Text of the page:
Analysts say this amazing FTSE 100 stock is a takeover target!

This FTSE 100 stock’s one of the worst-performing companies on the index in 2024. So why might other companies want to take it over?


The index might be at new highs but, by many metrics, UK stocks are still trading at discounted valuations.

One recent example of a discounted UK stock becoming a takeover target is Hargreaves Lansdown. The stock has surged following a rejected big by a private equity consortium. However, this isn’t the company I’m looking at today.

Immediate gains?

Buying a stock that’s a takeover target can be attractive due to the potential for immediate gains, but I wouldn’t buy a company purely in the hope a takeover will help me out.

Additionally, the underlying strengths that make the company a target suggest solid fundamentals, offering the potential for long-term gains. Market sentiment and increased liquidity can further enhance the attractiveness of investing in such a stock.

Valuation makes it vulnerable

Analysts believe that luxury fashion house Burberry (LSE:BRBY) could one day be subject to a bid as the share price drops to new lows. abrdn investment manager Sasha Kachanova recently noted that Burberry was a target due to its valuation.

As the sole British brand of scale operating independently – a rarity in the luxury industry – it boasts a rich heritage and the opportunity to enhance its iconic product lines and accessories,” Kachanova said.

A 2023 Bloomberg survey also highlighted Burberry as one of the most likely options for a takeover in the fashion and luxury goods sector.

It keeps getting cheaper

Burberry stock is now down 53.4% over the past 12 months. It’s among the worst performers on the index and could be relegated to the FTSE 250.

The company, like many of its peers in the luxury sector, is facing several headwinds. Revenue fell 4% in the year to 30 March, and sales growth turned negative in the highly lucrative Asia-Pacific markets. China, naturally, is a major part of these headwinds.

The group’s adjusted operating profits fell 34% to £418m. Meanwhile, earnings per share (EPS) tumbled 41% to 73.9p. As such, the stock’s currently trading around 14 times earnings, broadly in line with the index average.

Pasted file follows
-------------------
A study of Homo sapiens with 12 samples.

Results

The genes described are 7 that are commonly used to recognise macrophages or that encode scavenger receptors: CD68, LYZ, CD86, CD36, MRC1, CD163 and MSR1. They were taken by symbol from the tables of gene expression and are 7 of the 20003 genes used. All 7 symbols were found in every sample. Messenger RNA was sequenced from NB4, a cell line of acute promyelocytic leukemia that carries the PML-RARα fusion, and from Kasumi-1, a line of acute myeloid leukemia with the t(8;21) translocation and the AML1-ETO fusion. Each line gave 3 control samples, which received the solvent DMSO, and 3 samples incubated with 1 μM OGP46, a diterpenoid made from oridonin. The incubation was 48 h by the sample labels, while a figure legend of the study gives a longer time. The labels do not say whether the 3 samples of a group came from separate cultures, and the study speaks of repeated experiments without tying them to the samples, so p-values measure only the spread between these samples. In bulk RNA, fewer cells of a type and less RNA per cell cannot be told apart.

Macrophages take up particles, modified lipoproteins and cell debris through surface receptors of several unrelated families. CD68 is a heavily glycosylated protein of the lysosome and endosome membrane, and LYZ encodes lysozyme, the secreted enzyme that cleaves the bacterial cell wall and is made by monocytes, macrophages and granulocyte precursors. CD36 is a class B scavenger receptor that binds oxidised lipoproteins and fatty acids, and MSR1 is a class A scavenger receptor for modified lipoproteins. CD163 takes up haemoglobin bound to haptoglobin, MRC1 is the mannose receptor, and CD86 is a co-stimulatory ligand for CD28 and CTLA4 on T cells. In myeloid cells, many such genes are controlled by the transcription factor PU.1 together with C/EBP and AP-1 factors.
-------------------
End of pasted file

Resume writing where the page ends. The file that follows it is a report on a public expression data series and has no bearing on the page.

Analysts however, aren’t expecting much in the way of earnings growth from Burberry. EPS is expected to come in at 78p in 2024, 60p in 2025, and 80p in 2026.

Despite the falling share price, it’s still a great company with a unique brand identity.

Sector consolidation

Burberry operates in a sector where many luxury brands have already been brought into larger umbrella companies, such as LVMH and Kering. These are huge organisations with deep pockets. It’s certainly possible.

For me, buying Burberry was one of my least calculated investments. Without a takeover, it may take a long time for the company’s performance to improve and the stock price to turn around. Nonetheless, I’m hopeful that things will improve.

Should you invest, the value of your investment may rise or fall and your capital is at risk. Before investing, your individual circumstances should be assessed. Consider taking independent financial advice.

James Fox has positions in Burberry Group Plc. The Motley Fool UK has recommended Burberry Group Plc and Hargreaves Lansdown Plc. Views expressed on the companies mentioned in this article are those of the writer and therefore may differ from the official recommendations we make in our subscription services such as Share Advisor, Hidden Winners and Pro. Here at The Motley Fool we believe that considering a diverse range of insights makes us better investors.